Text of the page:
In this series of blog posts, inspired by the new report we’ve published with the Service Desk Institute (SDI), I’ve been talking about why and how the service desk needs to evolve. Last time, I discussed the threats and opportunities posed by the recent escalation in shadow IT, and argued that making the most of resources was a prerequisite for tackling that challenge.

Now I want to look at making the most of your knowledge. A threat that virtually all service desk managers know and fear is that important knowledge may exist only in the heads of individual staff. When someone leaves or goes on vacation, crucial facts and know-how become unavailable to the rest of the team.

Shadow IT - discussed earlier in this series – and the way the service desk handles it also poses concerns over knowledge retention. Partly because of the tendency of business end-users to source and implement their own solutions, bypassing IT, a lot of important knowledge today resides with the users. If the service desk treats shadow IT as an illicit subculture, then the service desk team doesn’t have access to that knowledge. True, the users themselves will probably be recording some of their knowledge in the form of online discussions and exchanges of emails, but the records will be temporary, and probably only available to a subset of the user community.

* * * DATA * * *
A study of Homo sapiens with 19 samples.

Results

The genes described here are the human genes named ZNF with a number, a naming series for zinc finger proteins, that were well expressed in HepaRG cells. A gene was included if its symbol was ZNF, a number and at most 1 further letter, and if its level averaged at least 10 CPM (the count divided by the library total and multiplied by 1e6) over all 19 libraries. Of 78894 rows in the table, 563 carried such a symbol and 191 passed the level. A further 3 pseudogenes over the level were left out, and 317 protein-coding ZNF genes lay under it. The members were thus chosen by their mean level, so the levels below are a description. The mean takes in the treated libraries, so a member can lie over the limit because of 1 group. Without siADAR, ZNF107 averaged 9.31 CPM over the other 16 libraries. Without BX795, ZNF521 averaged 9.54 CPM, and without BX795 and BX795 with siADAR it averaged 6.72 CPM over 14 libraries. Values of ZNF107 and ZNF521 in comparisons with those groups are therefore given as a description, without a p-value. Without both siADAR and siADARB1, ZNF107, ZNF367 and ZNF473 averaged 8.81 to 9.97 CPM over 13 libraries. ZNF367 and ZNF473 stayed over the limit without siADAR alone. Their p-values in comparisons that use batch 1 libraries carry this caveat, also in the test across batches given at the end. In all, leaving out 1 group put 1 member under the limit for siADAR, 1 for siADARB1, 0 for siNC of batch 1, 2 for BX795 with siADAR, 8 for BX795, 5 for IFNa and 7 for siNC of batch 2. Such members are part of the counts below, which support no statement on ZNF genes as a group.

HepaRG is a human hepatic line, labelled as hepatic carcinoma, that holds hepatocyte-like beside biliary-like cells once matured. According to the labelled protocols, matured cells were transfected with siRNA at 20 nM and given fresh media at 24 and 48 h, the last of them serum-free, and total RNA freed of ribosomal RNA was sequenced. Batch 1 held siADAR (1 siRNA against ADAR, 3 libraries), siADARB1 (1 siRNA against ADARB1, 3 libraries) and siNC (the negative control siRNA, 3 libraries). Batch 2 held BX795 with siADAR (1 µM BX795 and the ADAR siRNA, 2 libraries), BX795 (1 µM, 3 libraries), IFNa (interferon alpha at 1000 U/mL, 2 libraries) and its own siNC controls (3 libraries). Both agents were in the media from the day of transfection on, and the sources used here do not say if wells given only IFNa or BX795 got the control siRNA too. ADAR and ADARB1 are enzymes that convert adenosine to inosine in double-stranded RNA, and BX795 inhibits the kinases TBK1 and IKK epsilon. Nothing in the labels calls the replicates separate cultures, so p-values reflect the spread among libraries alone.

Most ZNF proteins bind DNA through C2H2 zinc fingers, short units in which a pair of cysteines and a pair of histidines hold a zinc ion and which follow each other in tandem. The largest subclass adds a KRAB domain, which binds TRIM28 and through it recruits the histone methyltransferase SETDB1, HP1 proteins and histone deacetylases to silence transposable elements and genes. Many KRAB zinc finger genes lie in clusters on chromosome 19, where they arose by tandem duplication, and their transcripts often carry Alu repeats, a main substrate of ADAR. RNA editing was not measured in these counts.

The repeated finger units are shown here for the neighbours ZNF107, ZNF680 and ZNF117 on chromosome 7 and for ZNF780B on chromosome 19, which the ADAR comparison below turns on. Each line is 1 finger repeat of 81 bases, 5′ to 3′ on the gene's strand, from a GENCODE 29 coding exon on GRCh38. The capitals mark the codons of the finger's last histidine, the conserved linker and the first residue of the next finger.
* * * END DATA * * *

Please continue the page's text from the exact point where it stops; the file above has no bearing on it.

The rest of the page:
Another challenge arises with IT environments becoming more complex with the increase of mobile working and team members being located anywhere in the world - finding the right answers and the expert insight to resolve customer issues is becoming increasingly difficult.

The idea of capturing experience and information in some kind of knowledge base is nothing new, but it has proved to be easier said than done; especially as documenting knowledge can be seen as an overhead for which busy analysts simply don’t have time,

As the SDI report recommends , the service desk team needs to acknowledge the value of users’ knowledge and become creative about finding ways to harness that knowledge for the general good; including taking advantage of new communication methods, and collaborative working practices.

In my next blog post I’ll focus on– people – and the issues involved in recruiting and retaining the right individuals.

Gerry Sweeney

Written by Gerry Sweeney

Gerry founded Hornbill in 1995 and has been responsible for the architecture, design, and planning of the products and technologies that form the core of Hornbill's solutions today.